YFU Switzerland

Dieciocho

If you’ve ever been to Chile you might have observed that people here are very proud of their country. Be it the many flags, the documentaries you can watch on TV around any time of the day or just talking to people, you can’t help but get (at least a little) hyped about it as well.

I really started to notice this on the 1st of September. The weekend before, my class and I decorated our home room with flags and banners of Chile as well as other things.


On Tuesday, which turned out to be the 1st of September, my school had this fare where different classes presented typical Chilean foods, games, tourist attractions and many more. It was very impressive and I started to look very much forward to celebrating Chilean Independence Day.


Shortly before our vacation (yes, we got a whole week of vacation in honor of Independence Day) we had a day completely dedicated to celebrating Dieciocho. There were different alliances who were competing against each other in different challenges and games such as dancing, the amount of people who dressed up and tug of war. For refreshments we could buy food and drinks from one of the many stands in our gymnasium. It was really nice to see how everyone came together and worked so hard to organise this event.

With September also came the time of digüeñes. For the people who don’t know what those are, digüeñes are orange-white coloured and mushroom-like edible things (for lack of better word) that grow on trees. From what I’ve been told, the only place you’ll be fortunate enough to find them is here, in south-central Chile. The first time I had the pleasure to try them was when my brother’s girlfriend brought some with her from the countryside. Here in Chile you usually eat them fresh in salads or fried with eggs and bread. Their texture is chewy and they slightly remind you of mushrooms and I’m completely in love with them :).

One day in I had the opportunity to go harvest them in the countryside. It was a very fun experience :P. Since they grow in trees you need to go to the woods and look for them high up in their branches. Once you’ve spotted a bunch/cluster you need to find a stick, aim and try to hit them in order for them to fall off. If you’re good at aiming and have a strong arm, you can then proceed to look for them on the ground and gather them up in whatever you brought with you.


At first I had a really hard time spotting any and wondered if we’d even be able to fill 1/4 of the basket we brought with us. But luckily I was accompanied by some experts (aka my brother, his girlfriend, her mom and her dog) and before I knew it, the basket was overflowing with deliciousness :P. So that was an experience I’ll never forget. Especially frying and eating the digüeñes afterwards was awesome :).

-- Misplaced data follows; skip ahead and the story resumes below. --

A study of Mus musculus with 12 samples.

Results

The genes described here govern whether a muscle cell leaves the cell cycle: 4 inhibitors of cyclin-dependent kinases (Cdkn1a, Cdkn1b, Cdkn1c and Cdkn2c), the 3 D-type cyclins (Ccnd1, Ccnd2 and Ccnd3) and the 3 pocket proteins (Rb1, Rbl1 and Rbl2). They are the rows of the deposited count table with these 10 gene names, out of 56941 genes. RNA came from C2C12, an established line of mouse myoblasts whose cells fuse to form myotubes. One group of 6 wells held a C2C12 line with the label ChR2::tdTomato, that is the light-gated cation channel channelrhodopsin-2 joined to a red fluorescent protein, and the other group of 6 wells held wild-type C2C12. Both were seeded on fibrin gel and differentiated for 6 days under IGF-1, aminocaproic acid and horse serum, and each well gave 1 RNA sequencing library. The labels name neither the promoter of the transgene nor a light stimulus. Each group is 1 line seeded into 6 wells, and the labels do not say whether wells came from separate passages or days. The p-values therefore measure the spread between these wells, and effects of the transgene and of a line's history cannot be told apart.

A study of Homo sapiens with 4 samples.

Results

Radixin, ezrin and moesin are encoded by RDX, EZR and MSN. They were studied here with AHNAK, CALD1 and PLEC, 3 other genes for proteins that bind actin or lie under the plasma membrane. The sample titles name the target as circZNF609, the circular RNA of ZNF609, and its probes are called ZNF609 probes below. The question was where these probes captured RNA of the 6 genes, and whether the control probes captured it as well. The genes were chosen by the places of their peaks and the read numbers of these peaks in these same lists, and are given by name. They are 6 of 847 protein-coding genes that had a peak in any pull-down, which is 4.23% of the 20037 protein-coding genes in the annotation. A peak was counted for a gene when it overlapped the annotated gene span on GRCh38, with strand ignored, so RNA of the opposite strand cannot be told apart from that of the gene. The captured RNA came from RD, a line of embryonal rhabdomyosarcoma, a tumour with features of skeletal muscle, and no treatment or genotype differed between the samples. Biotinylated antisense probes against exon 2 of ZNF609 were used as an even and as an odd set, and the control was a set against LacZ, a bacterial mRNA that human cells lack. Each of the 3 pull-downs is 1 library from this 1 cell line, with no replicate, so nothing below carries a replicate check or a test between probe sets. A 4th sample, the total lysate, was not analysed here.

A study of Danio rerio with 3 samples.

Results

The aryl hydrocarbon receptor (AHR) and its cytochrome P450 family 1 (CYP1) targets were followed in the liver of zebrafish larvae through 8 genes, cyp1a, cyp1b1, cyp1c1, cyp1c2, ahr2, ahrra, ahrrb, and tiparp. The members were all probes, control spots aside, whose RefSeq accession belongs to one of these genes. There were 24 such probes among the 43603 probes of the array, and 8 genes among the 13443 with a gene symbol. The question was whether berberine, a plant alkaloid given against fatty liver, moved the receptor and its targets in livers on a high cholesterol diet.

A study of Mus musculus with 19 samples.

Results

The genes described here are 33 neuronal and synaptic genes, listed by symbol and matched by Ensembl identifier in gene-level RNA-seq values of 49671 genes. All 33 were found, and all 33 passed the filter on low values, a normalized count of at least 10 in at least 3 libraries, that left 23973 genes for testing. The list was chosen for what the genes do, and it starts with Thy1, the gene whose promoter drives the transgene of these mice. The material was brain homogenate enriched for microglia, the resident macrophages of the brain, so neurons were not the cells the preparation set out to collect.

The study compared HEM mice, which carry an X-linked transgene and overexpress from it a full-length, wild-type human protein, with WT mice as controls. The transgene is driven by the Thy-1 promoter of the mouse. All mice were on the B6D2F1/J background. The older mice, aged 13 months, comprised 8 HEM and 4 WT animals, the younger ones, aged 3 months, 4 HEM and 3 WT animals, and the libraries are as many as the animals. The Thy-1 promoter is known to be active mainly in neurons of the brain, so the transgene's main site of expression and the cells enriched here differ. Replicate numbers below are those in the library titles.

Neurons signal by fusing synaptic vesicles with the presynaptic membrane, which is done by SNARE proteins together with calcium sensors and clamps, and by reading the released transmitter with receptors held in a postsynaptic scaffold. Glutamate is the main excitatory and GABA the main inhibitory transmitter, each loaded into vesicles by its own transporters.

Once the 18th September rolled in I’ve had countless conversations about Chilean foods and traditions for that very special date. However, I was still overwhelmed by the quantity of food! The Golden Rule for „Dieciocho“ is that, whatever diet you might be on, on this day you can throw it all out the window, forget all the promises you’ve made yourself and just eat your heart out. No one’s going to judge you and you can just ENJOY!


My family and I made alfajores (biscuits with manjar, a caramel-like spread made from condensed milk) and pajaritos (bread balls with merengue icing) to bring to the family party. We spent the whole day eating and talking. There was some dancing and we played ping-pong. Over all it was a really nice experience and I also got to meet a little more of my extended family :).
Me being a vegetarian, everyone was very concerned about what I’d be eating on Independence Day, but it really wasn’t a big deal. Yes, there was a lot of meat served but there was also salad, vegetarian empanadas and pajaritos among others. So if you’re vegetarian and coming to Chile, don’t worry. At first people may give you weird looks, but that’s just because eating, especially meat, is such a big part of their culture, it may be hard to imagine a different diet. But if you explain your reasons to them (with a smile and patience, mind you :P), you’ll be perfectly fine. And remember, they’re probably just genuinely concerned about you getting enough food :P.

All I can say is that nothing prepares you for Independence Day in Chile and this is definitely something I’ll remember for a long time :P.